Commentary on the Gospel of

Tom Purcell - Creighton University's Law School


When I was in my teen years, my grandfather taught me to help him cut trees on his small acreage in South Omaha.  I enjoyed learning how to safely use a double-bit axe and a crosscut two-man saw, to keep the tools sharp and clean.  I wouldn’t say it was a zen-like experience, but I admit I became immersed in the task at hand.  I still have those tools and prefer them to power tools.

When my wife and I bought our first house over forty years ago, one of our initial landscaping activities was to plant a tree with our young daughter.  She seemed interested, but then she was a year old and lots of things interested her for a few minutes.  I remember thinking at the time that this tree and our daughter would be the same age as long as both lived.  Our daughter is doing well, and I sometimes will drive by our old house and see “our” tree still thriving in the front yard.

Thirty-seven years ago, we built our current house on an acreage that was all pasture – not a tree in sight.  So, we set about planting and nurturing trees – spruce, pine, fir, oak, maple, locust, ash, and fruit trees.  My skills, nurtured by my grandfather decades before, have come in handy as we try to manage our little corner of creation.  We have spent time and physical effort in helping our trees grow, and even welcome the annual task of gathering up their leaves and needles.

But I have noticed in recent years that I don’t like to cut trees.  I feel sad when I need to remove a tree or even severely prune one due to storm damage.  I feel a partnership with the trees and the creative forces that help both of us thrive – food, and water, and sunlight. 

So, today’s reading from Matthew is challenging for me emotionally – it is troubling to cut down trees just because they don’t bear fruit or bear bad fruit.  Surely, they still possess beauty.  Little boys and girls can climb on them, and birds can nest in them.  They can provide shade and comfort from the hot summer sun.  Their leaves and needles can be mulch or compost.  Aren’t those also fruits that bear valuing?  And even if we do need to cut them, won’t their wood be useful for warmth in our homes or to cook hotdogs in our fire pits or to ponder deep realities as we cuddle by a warm backyard campfire in cool evenings and eat smores?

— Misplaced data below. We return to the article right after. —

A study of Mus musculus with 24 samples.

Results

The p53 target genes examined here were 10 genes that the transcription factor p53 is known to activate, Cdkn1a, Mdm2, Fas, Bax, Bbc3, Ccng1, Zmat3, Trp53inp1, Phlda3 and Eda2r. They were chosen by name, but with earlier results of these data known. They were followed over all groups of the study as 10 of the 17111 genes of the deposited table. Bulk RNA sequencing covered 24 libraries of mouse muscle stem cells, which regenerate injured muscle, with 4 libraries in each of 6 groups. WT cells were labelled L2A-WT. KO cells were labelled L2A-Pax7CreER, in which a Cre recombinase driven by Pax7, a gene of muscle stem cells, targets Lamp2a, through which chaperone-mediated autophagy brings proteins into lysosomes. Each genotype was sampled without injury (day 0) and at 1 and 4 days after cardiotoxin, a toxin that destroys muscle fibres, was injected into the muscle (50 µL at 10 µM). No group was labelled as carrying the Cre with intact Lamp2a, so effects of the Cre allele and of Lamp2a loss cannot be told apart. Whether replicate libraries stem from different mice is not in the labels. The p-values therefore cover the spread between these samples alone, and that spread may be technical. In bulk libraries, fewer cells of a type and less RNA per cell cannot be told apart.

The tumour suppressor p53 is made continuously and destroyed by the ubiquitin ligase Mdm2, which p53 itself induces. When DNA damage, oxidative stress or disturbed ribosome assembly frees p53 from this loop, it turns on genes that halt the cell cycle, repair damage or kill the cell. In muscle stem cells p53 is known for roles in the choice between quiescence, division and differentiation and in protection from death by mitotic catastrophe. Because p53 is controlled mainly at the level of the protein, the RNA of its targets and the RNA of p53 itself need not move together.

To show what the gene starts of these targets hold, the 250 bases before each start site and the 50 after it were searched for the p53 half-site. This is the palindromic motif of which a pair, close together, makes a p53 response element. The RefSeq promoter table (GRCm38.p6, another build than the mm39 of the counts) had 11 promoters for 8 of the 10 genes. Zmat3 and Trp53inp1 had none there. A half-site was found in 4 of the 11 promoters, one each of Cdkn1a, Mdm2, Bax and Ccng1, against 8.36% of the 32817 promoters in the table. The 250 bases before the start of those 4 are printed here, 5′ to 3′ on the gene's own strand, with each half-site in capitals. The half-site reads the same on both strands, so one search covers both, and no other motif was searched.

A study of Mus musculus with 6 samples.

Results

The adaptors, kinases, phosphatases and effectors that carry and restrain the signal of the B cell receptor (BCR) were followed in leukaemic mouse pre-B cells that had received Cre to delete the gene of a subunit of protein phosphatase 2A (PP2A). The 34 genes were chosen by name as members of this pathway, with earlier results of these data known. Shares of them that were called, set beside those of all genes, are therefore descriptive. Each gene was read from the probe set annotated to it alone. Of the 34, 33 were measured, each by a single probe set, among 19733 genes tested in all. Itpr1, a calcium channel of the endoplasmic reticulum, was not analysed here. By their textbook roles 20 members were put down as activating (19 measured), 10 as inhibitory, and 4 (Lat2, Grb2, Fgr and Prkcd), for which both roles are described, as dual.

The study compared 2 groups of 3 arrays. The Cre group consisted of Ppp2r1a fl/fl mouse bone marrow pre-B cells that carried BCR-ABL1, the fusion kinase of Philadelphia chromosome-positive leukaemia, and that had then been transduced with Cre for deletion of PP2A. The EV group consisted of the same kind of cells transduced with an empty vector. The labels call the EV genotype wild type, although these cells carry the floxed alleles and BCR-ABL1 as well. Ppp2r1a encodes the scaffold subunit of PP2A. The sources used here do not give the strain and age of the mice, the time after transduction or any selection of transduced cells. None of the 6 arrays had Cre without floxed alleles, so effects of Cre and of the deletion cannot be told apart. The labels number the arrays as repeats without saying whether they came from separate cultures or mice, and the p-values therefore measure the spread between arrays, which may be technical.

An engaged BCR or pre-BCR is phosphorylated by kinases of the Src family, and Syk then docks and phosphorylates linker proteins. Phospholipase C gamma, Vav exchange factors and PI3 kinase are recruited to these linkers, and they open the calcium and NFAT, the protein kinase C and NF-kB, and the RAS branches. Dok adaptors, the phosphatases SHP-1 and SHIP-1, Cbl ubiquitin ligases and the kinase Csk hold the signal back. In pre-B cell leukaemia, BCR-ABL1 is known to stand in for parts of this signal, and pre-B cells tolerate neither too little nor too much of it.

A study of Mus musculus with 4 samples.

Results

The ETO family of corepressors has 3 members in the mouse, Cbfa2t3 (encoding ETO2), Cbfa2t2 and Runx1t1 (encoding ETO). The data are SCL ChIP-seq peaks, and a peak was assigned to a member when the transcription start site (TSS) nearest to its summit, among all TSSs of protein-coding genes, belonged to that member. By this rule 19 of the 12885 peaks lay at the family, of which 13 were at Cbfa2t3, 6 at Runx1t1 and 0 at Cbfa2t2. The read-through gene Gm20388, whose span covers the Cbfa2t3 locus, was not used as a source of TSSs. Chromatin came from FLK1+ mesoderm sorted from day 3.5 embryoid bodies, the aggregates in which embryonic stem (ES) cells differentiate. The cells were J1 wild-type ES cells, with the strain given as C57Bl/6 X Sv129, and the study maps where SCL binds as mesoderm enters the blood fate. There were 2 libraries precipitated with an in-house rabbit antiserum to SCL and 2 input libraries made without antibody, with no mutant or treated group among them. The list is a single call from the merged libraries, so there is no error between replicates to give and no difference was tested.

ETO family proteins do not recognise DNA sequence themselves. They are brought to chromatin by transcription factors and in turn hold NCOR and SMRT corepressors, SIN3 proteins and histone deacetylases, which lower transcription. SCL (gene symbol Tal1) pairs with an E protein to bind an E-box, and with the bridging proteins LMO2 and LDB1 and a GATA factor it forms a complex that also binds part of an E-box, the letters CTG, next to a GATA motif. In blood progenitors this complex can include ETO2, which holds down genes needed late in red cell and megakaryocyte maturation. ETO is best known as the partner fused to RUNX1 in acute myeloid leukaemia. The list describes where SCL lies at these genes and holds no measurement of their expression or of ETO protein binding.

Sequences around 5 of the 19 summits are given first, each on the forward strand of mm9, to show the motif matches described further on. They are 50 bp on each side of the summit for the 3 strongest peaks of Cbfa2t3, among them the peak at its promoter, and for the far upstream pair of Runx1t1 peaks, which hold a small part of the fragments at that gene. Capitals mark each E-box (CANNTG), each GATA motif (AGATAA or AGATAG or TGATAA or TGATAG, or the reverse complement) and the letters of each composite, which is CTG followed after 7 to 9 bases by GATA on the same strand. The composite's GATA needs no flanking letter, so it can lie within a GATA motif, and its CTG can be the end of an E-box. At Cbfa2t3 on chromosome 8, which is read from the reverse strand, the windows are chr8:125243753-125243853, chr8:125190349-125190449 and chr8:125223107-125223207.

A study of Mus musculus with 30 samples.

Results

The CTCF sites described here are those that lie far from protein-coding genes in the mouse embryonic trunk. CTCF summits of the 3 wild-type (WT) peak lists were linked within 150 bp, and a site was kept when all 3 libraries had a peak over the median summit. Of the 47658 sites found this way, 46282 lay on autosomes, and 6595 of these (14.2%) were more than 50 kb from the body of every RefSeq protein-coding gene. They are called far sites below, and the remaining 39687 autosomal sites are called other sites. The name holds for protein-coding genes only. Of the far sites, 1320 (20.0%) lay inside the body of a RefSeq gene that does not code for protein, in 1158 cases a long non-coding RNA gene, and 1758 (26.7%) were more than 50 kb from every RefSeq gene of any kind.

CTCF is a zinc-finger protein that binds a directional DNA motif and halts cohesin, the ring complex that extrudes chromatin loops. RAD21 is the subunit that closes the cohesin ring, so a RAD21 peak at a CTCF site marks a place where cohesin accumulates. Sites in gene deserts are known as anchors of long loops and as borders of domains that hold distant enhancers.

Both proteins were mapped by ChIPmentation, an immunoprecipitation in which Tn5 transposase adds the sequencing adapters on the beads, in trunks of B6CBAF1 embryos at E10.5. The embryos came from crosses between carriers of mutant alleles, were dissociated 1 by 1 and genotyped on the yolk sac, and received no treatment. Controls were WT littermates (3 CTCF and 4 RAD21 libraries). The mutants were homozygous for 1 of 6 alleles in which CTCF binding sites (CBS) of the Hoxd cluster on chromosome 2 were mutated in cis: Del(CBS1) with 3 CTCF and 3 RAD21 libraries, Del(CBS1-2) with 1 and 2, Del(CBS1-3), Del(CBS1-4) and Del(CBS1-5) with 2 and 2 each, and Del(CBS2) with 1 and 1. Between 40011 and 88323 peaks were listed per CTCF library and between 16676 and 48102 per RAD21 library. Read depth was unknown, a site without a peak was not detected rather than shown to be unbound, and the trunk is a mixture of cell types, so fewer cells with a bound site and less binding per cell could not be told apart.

If I feel this emotional tug about my trees, and my attempts to find other fruits that they can provide, how must our Creator feel about us and our good fruits and bad fruits?  How difficult would it be for our Loving Parent to throw our tree into the fire?  Isn’t the covenant with Abram really a statement that our Lord will be there for us, across countless generations and innumerable descendants, a constant source of love and support (forever as the psalmist writes) as we live our lives? 

When I think about bad fruits and fire and destruction, I am reminded of the famous Ravensbruck prayer ( and its call for forgiveness for the cruelties of the concentration camp staff.  If these people who suffered so much could find fruit in the cruelties of their tormenters, won’t our all-loving God find some fruit in our actions and lives as well, even if our fellow humans might find fault with our actions?  

We have such a powerful example of bearing good fruit in the life of Jesus and the holy women and men who have put His teachings into action.  We have the examples of other holy men and women who are of different faith traditions (or even no professed faith tradition) who live powerful lives bearing good fruit. 

Seeing these examples of loving lives well-lived, and knowing that God’s love is so deep, how can we consciously bear bad fruit?  How can we harm others, or be selfish, or blindly squander our beautiful world, or fail to consider what evils our actions can cause?  If we are aware, won’t our bad fruits be lessened in number and impacts?  Won’t we say thank you to our Lord for the gift of life itself by avoiding bad fruits as we live out our one precious gift?

And so, my prayer today is for the grace to be mindful that my actions are my fruits, and can be good or not, and that being aware of my love for my Nurturer will help me bear good fruit.